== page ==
It’s Business, And It’s Personal

A Bar That Served The Drunk Driver May Be Legally Responsible

When a motor vehicle accident is caused by a drunk driver in North Carolina, it is usually very obvious who will be held liable – the drunk behind the wheel. What many people may not realize, though, is that liability can extend to individuals or businesses responsible for allowing the driver to drink too much before getting behind the wheel of a car or for serving alcohol to minors who then cause a crash.

Under North Carolina’s dram shop laws, bar owners, restaurants and even individuals who host parties at their homes may be held liable for compensating victims of drunk drivers. Finding and suing the responsible parties often requires diligent investigation and aggressive legal action to hold them accountable. Turn to Britton Law in Fayetteville for experienced, effective representation in your drunk driving accident case resulting in injury or wrongful death litigation.

What Exactly Is Dram Shop Liability?

Dram shop liability requires evidence that the liquor establishment or social host served alcohol to someone who was visibly intoxicated or under the legal drinking age. Our personal injury attorneys have decades of experience helping our clients recover the full and fair amount of money damages they are entitled to – from every party responsible for the negligence. We can help you recover money damages for:

  • Medical treatment and ongoing physical therapy and care
  • Lost earnings during your recovery and over a lifetime
  • Pain and suffering

Under North Carolina General Statutes Chapter 1D, parties found guilty of “egregiously wrongful acts” may be ordered to pay punitive damages in addition to compensatory damages for injuries resulting from a car crash. This liability may extend to bars and restaurants, and other social hosts if it can be determined that gross negligence or criminal misconduct was evident in serving excessive alcohol. These lawsuits are tough to prove, but we are skilled and experienced lawyers who can present a well-documented and compelling case for compensation.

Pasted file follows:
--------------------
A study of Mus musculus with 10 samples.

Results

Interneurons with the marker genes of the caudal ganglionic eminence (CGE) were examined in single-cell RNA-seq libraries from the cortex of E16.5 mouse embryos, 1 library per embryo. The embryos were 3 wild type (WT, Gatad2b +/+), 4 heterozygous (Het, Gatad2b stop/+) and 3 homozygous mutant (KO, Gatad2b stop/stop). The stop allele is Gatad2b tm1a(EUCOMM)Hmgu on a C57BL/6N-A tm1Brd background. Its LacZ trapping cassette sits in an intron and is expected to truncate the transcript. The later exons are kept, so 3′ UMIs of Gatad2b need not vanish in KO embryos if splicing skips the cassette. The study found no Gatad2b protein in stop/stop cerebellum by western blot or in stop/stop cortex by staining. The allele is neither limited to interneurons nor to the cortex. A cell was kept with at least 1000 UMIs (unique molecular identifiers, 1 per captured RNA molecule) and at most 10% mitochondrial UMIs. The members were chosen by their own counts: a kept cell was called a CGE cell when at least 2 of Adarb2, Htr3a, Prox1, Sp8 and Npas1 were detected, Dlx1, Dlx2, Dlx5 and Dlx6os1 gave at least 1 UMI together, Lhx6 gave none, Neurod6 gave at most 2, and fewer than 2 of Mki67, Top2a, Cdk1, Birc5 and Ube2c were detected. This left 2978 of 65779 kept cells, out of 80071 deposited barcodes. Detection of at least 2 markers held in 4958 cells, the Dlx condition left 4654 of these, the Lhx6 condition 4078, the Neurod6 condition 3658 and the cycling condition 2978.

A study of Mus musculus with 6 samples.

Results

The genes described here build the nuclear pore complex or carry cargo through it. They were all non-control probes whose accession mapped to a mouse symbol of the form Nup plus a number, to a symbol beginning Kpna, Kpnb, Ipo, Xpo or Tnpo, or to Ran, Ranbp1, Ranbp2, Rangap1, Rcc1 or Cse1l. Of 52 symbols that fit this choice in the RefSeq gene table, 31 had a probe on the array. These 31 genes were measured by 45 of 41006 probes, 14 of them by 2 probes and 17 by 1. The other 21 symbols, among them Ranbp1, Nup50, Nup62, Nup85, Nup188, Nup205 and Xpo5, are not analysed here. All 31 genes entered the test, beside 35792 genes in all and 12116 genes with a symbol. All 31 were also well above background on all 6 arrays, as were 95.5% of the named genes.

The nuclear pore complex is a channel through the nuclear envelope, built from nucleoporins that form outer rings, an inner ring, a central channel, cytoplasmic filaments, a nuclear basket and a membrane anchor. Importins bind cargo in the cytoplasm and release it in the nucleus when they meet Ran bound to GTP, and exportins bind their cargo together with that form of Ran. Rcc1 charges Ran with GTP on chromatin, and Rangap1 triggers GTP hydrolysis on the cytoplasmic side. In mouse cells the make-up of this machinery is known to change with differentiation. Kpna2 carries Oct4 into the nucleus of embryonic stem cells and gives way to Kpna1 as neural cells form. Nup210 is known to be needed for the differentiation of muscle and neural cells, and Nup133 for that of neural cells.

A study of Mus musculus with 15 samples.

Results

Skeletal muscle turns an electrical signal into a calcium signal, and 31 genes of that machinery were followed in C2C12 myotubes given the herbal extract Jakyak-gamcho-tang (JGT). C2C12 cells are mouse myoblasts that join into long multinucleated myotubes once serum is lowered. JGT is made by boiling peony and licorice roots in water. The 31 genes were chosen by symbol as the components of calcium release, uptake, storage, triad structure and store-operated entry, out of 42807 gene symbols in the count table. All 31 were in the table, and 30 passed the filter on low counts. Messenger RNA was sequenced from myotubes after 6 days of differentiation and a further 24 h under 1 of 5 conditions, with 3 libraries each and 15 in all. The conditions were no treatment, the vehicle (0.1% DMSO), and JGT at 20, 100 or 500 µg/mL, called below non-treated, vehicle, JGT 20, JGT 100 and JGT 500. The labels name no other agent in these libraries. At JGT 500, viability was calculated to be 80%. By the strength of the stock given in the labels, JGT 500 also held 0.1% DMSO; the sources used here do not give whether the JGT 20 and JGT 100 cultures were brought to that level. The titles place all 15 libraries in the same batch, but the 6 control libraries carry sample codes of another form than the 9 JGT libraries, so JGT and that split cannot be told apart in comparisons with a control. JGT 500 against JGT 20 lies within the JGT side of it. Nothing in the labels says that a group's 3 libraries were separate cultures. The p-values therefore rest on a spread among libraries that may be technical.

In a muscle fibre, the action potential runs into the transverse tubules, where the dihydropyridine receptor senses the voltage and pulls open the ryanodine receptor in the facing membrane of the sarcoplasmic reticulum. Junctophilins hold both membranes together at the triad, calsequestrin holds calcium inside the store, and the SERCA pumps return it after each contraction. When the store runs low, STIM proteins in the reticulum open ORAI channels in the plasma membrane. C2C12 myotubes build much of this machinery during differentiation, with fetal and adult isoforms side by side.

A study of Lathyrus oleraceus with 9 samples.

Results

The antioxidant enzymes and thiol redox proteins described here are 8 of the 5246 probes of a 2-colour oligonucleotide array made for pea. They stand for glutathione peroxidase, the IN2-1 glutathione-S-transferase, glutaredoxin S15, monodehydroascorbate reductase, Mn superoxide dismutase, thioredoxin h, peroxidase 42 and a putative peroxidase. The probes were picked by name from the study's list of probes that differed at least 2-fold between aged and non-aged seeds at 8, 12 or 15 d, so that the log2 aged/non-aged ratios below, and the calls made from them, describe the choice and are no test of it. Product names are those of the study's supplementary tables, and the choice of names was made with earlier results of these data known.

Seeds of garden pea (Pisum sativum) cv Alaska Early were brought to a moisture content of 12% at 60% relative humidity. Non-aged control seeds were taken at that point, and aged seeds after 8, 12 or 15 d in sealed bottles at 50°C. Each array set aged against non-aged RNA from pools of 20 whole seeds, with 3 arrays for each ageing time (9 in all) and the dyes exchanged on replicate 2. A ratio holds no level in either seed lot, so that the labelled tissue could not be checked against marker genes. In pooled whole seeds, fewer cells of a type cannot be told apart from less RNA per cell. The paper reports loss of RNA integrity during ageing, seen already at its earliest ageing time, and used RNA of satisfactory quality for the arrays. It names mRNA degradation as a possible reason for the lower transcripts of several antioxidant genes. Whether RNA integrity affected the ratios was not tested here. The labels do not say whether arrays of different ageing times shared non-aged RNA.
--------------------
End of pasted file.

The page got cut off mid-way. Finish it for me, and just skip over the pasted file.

Answers To Dram Shop Liability Questions From Our Clients

Many people have never heard of dram shop liability until they have a claim on their hands. To provide more information that you might find helpful, we have taken the time to answer a few common questions that we hear every day.

What does dram shop mean?

A dram shop is the legal term for a facility that serves alcohol. In the past, taverns used to sell alcohol by the dram – about the size of a small shot. Today, a dram shop can be a bar, restaurant, café or any other business that serves alcoholic drinks.

What is North Carolina’s dram shop law?

Our state has strict laws when it comes to dram shop liability. If a bar or its employee knowingly continues to serve alcohol to an intoxicated person, it could be held liable for that person’s damages or the damages they cause to other people or property. In North Carolina, dram shop liability also extends to selling or serving alcohol to minors.

What is the statute of limitation for dram shop claims?

If you are interested in filing a dram shop claim, you must do so within one year of the date of the incident. If you miss this deadline, you forfeit the right to recover compensation for your damages.

How can a bartender be held liable?

The individuals who work at a bar can also face consequences. To hold a bartender liable in a dram shop claim, you must prove that:

  • The bartender knew that the customer to whom they served alcohol was already intoxicated.
  • The bartender should have reasonably known that the customer to whom they served alcohol was already intoxicated.
  • As a result of the bartender serving additional alcohol to the customer, you have compensable damages.

Proving liability is not easy. It takes the careful, diligent research of lawyers who regularly handle car accident injury claims that involve dram shop liability.

Schedule Your Free Consultation With A Helpful Attorney

Call Britton Law at 910-401-3356 or use our online contact form to arrange a free consultation with an experienced personal injury lawyer. We will review your case and help you understand your options. We charge no upfront fees, and you will not pay us if we are unable to recover money damages in a settlement or jury award. We represent accident victims in Cumberland County and surrounding counties of North Carolina.